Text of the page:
It might sound daunting to have your and your partner’s genetic makeup and quality tested; it can feel like it’s just another thing to tack onto your long list of worries and concerns while dealing with infertility. But while it may seem overwhelming, genetic testing is truly a groundbreaking science that can provide a helpful road map for your doctor to work with on your fertility journey.

So, should you do genetic testing before–or during–IVF? Let's look at the options: 

Genetic Carrier Screening

Genetic Carrier Screening is a DNA blood test that determines whether a not a person is at risk for passing certain genetic conditions onto their child(ren). Genetic carrier screening evaluates for conditions that are inherited in either an autosomal recessive or X-chromosome-linked manner. What does this mean? Well, in short, a condition that is autosomal recessive means that both parents would have to be carriers of the same gene in some variation for it to be passed on to their child. An X-chromosome-linked condition means that the woman carries the gene and, therefore, has an increased chance of passing it on to her child, particularly if the child is a boy. 

Genetic Carrier Screening is typically done before beginning IVF. Knowing as much about each parent’s genetic makeup as possible allows your fertility specialist to come up with the best reproductive options for you in the event that you, and/or your partner, are carriers of certain genetic conditions.

woman getting genetic carrier screening

Karyotype Testing

Karyotype testing can also be referred to as chromosome analysis. This type of blood testing looks at the size, shape, and number of your chromosomes to see if anything about them is unusual. 

Your doctor might recommend karyotype testing if you’ve been trying to conceive for more than a year, or if you’ve experienced two or more consecutive miscarriages. In cases of Male Factor Infertility where intracytoplasmic sperm injection, or ICSI, is used, genetic karyotyping will be required beforehand since ICSI-IVF increases the risk of male infertility passing on to the child.    

Infertility itself is enough of a hardship; not knowing why you have struggled and experienced such heartbreak adds another layer of pain to it all. Karyotype genetic testing can help answer big questions, such as the cause of recurrent miscarriages. It can also diagnose structural issues within your chromosomes, like a balanced translocation. 

A balanced translocation is a condition in which part of a chromosome has broken off and reattached in another location. In other words, it means that sections of two chromosomes have switched places. Many people can have balanced translocation without knowing it, but when that person's cells divide to create egg or sperm cells for reproduction, the egg or sperm cells can end up with extra genetic material or missing genetic material. This could lead to miscarriage depending on which chromosome and genes are affected. 

If you or your partner is diagnosed with a balanced translocation through karyotype testing, don’t panic! IVF with PGT-SR testing can help ensure that any embryos you end up transferring are healthy ones.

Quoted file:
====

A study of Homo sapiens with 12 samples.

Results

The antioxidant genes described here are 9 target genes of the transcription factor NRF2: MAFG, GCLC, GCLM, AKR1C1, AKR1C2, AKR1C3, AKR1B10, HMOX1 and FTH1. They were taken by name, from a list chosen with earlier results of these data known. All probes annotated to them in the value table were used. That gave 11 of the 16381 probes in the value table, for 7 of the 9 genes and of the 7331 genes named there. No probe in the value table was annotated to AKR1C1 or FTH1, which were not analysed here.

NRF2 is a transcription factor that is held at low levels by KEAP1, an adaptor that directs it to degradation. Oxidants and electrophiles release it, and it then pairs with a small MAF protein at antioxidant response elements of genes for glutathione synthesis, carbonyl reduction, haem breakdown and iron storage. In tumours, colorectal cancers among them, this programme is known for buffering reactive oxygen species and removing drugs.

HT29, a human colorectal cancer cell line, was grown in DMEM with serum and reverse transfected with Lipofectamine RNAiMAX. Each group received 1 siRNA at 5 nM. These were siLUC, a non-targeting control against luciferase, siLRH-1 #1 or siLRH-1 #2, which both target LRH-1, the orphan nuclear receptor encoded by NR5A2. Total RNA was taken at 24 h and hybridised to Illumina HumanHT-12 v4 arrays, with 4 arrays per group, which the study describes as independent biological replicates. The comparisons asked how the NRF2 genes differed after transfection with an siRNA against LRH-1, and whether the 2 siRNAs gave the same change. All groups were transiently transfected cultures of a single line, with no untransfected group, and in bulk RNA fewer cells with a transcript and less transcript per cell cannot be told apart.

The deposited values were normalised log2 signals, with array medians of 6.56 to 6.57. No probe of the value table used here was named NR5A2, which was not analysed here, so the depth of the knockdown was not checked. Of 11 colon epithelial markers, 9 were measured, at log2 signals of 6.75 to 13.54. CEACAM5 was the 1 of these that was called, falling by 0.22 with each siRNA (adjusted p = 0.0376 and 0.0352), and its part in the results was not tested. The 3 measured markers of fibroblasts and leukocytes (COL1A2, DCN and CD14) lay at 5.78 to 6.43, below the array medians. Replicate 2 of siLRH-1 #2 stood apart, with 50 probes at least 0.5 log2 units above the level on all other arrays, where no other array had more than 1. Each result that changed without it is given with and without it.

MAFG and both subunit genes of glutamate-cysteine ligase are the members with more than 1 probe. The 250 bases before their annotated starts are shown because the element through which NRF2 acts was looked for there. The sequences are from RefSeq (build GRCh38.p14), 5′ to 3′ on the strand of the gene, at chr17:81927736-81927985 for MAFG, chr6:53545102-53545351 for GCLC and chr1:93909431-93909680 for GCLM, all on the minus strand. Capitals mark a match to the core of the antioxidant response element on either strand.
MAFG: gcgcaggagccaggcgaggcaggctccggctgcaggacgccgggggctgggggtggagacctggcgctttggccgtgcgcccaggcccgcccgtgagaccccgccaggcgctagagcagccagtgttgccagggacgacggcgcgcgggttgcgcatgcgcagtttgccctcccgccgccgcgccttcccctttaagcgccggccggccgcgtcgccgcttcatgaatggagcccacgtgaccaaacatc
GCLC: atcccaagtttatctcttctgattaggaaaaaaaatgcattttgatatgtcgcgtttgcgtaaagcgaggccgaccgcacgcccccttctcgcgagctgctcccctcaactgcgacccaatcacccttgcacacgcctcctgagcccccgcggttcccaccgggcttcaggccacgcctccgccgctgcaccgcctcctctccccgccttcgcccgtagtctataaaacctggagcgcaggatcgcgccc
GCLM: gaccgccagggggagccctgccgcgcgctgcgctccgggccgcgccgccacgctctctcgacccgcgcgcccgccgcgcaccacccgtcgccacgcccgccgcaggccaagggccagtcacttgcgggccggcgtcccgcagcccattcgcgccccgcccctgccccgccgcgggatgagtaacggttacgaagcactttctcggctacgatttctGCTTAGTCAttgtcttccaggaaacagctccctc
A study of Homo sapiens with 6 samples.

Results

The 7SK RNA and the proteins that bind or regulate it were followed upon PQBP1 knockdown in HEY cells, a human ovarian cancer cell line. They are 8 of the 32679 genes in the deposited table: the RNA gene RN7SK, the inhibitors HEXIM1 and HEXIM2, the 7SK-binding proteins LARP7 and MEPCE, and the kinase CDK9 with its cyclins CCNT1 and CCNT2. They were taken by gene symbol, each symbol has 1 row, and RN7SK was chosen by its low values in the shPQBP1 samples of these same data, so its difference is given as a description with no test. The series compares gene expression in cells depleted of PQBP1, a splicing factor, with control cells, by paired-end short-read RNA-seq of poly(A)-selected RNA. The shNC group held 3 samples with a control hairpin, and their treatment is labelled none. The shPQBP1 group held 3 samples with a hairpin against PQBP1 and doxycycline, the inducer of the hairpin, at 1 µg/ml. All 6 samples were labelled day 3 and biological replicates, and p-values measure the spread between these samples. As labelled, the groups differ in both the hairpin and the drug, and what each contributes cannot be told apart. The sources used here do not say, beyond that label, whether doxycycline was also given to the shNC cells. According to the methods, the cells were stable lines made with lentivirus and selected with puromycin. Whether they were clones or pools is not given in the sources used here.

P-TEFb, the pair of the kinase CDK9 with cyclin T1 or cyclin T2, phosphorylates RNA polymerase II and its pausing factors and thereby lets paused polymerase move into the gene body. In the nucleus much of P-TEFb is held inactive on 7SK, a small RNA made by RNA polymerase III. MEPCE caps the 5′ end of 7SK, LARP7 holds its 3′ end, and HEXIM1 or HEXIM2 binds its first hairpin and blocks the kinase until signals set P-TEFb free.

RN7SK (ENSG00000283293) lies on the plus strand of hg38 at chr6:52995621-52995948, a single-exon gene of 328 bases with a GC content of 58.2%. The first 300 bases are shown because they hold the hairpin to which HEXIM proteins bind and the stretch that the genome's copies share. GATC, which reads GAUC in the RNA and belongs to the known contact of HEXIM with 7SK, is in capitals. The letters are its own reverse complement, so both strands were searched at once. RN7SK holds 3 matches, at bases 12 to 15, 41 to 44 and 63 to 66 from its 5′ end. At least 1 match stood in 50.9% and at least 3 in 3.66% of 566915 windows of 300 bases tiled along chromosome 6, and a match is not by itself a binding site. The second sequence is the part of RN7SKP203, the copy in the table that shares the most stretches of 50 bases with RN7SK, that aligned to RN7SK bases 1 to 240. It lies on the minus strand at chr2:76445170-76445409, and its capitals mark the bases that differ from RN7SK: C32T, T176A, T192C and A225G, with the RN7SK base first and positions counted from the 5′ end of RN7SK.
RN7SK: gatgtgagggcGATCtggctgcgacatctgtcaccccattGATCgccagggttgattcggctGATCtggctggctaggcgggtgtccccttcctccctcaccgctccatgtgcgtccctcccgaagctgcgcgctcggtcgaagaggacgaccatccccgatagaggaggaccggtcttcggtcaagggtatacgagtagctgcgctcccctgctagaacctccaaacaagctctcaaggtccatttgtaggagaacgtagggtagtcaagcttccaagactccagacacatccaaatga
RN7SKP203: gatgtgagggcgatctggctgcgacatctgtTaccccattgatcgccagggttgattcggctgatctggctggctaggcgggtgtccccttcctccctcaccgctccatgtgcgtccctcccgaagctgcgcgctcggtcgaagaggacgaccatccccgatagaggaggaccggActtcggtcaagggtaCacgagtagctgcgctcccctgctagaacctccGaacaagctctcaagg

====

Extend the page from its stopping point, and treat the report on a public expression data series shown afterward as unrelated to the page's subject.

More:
lab technician doing karyotype testing

Preimplantation Genetic Testing (PGT)

Preimplantation genetic testing (PGT) examines embryos created during IVF before they are transferred to a woman’s uterus. PGT looks for a range of possible genetic issues that could cause implantation failure, miscarriage, or birth defects. There are three types of tests that might be done during preimplantation genetic testing: PGT-A, PGT-M, and PGT-SR

PGT-A testing screens for an abnormal number of chromosomes in the embryo, or aneuploidy. Embryos might have missing or extra chromosomes, which are more like to result in failed implantation or miscarriage. PGT-A testing can help ensure that only euploid, or chromosomally normal, embryos are transferred, and the benefits include increased chances of implantation and pregnancy; reduced risk of miscarriage; reduced number of IVF cycles needed to achieve pregnancy; and increased chances of giving birth to a healthy baby. PGT-A is appropriate for the vast majority of IVF patients but is typically recommended for women over the age of 35, women who have experienced recurrent pregnancy loss, and women who have had a pregnancy with chromosomal abnormalities. 

Not just for patients with infertility, PGT-M testing screens for monogenic diseases within the embryo and looks for a singular, specific disease. Whether one partner has a genetic condition that they want to avoid passing on to their child(ren) or both partners carry it, this type of genetic testing can ensure that the genetic disorder is not passed on to the couple’s child(ren), which is pretty amazing. 

Lastly, PGT-SR testing screens for structural chromosomal rearrangements, such as inversion or translocation, and can help prevent miscarriage and implantation failure.

Deciding What’s Best for You

Whether you’re struggling with infertility or pregnancy loss, your fertility specialist will most likely recommend some form of genetic testing to help determine the best treatment plan for you. From Genetic Carrier Screening to Karyotype Testing to Pre-Implantation Genetic Testing, the groundbreaking science of genetics has helped countless couples find answers and feel more in control of their reproductive future. There is even some genetic testing you can do at home! Knowledge is power when it comes to the health of your future child(ren), and genetic testing can be one silver lining to needing fertility treatments to grow your family.  

Brighid Flynn is a freelance writer based in Philadelphia where she lives with her husband and puppy. She is just beginning her journey toward motherhood.